Fashion's finest at the V&A Museum; Balenciaga, courture icon

From the V&A website, here is a good introduction to this couture icon.

"Known as 'The Master' of haute couture, Cristóbal Balenciaga was one of the most innovative and influential fashion designers of the last century. His exquisite craftsmanship and pioneering use of fabrics revolutionised the female silhouette, setting the tone for modern fashion.

"Balenciaga: Shaping Fashion is the first UK exhibition to explore the work and legacy of the Spanish couturier, showcasing over 100 garments and hats crafted by Balenciaga, his protégés and contemporary designers working in the same innovative way today. It examines Balenciaga's work from the 1950s and 1960s – arguably the most creative period of his career – when he dressed some of the most renowned women of the age and became revered by his contemporaries, including Christian Dior and Coco Chanel."

Also enjoy this blog by a guest who stayed in our lovely London B&B guest rooms in order to spend a few days in London for shopping and a visit to this exquiste exhibition. 

Stay with us here off the Fulham Road in our elegant London B&B; it's a short ride up Fulham Road on the 14 or 414 red bus to the V&A museum.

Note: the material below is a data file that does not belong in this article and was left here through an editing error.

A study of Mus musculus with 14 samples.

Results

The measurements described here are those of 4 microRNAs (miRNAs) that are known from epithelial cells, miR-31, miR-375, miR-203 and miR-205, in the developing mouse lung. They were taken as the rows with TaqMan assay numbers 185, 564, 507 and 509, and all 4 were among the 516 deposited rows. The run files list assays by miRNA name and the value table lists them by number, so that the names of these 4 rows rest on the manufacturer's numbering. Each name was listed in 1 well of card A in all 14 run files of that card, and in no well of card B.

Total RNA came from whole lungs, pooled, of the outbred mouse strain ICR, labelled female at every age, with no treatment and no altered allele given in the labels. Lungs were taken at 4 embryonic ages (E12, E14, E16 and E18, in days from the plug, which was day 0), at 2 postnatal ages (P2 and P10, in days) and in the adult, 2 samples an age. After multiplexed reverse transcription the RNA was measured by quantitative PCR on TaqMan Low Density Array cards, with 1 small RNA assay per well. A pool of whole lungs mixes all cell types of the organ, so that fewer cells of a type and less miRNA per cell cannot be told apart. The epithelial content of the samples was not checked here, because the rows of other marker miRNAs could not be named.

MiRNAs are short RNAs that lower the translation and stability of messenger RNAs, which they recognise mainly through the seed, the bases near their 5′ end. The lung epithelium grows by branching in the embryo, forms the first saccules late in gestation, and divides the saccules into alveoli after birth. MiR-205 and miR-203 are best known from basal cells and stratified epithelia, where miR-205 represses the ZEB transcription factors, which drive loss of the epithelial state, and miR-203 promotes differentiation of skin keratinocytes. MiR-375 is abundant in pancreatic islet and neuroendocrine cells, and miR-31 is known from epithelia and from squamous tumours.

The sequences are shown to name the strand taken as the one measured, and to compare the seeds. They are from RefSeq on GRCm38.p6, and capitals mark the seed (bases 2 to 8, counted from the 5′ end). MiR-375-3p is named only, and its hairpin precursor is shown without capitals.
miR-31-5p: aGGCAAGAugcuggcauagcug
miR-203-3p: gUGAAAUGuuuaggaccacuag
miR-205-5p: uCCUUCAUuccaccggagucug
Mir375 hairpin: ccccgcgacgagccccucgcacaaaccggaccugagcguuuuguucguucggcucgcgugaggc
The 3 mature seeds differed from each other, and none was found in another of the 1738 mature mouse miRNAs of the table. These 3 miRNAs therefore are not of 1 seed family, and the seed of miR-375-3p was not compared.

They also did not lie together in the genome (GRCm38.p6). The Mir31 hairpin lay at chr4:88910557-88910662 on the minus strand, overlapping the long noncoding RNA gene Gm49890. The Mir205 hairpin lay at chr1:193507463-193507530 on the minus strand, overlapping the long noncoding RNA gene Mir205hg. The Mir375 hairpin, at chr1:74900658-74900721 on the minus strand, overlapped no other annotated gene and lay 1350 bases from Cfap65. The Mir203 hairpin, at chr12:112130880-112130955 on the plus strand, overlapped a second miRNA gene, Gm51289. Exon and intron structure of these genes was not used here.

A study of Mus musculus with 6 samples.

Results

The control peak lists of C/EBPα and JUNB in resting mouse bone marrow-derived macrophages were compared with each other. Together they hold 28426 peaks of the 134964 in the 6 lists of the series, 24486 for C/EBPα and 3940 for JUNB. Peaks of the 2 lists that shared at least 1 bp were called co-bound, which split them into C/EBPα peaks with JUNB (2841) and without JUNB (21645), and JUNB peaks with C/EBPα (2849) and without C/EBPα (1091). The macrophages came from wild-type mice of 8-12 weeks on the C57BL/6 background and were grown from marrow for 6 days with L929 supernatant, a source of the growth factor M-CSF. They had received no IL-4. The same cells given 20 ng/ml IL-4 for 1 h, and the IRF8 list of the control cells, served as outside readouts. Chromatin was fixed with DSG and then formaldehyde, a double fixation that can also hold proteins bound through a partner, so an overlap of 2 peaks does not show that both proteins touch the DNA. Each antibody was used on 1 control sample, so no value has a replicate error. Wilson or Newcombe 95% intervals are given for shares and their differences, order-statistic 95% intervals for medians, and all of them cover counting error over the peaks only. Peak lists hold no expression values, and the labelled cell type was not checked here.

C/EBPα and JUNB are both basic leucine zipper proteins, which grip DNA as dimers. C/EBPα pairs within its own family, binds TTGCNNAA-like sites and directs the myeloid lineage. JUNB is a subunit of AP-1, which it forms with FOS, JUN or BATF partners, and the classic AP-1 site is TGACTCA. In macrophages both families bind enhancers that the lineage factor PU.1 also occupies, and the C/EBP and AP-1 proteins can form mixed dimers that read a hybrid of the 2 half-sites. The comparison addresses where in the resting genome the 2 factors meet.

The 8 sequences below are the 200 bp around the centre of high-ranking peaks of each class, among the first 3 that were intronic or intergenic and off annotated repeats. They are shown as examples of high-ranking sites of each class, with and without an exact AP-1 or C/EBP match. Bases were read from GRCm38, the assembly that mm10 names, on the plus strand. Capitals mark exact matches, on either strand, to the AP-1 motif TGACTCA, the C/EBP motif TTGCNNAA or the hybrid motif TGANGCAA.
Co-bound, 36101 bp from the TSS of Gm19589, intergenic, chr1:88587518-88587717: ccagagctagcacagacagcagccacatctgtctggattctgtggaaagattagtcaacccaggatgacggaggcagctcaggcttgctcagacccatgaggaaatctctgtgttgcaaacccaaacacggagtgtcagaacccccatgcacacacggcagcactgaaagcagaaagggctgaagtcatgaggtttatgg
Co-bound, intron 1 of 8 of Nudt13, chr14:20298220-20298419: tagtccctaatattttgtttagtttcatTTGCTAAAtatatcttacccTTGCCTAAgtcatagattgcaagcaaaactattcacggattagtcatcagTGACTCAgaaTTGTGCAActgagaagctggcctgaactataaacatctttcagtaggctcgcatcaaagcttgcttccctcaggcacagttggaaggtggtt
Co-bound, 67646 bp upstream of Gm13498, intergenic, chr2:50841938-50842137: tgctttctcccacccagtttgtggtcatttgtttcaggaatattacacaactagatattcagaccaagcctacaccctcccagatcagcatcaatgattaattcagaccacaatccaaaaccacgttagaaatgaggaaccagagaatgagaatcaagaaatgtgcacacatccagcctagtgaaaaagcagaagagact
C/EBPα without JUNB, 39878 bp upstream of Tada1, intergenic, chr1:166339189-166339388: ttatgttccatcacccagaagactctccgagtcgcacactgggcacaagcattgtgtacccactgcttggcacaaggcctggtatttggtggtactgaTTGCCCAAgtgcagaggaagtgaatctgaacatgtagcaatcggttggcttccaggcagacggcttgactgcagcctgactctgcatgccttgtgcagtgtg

21 Barclay Road London SW6 1EJ

London's award-winning elegant B&B


Bread baking is an art that few master. But that's changing all over the world and even in our neighbourhood. Ma Baker (aka Liz Wilson) is an award-winning baker of all things purely bread. Several of our guests have taken her courses--a 10 minute walk from our elegant London B&B-- and return swarming about how wonderful the day was. Be empowered; learn to bake daily bread and stay overnight with us here at our boutique London B&B, 21 Barclay Road SW6 1EJ LONDON.  See bread for life

London Plane Trees

Barclay Road is graced with mature London Plane trees lining both sides of the road, offering a leafy procession of overarching green throughout summer and views down into Eel Brook Common. The houses and trees date back to the late 1800s when orchards and market gardens were uprooted to make way for terraced houses near London’s new Underground District Line railway station at Walham Green (now Fulham Broadway).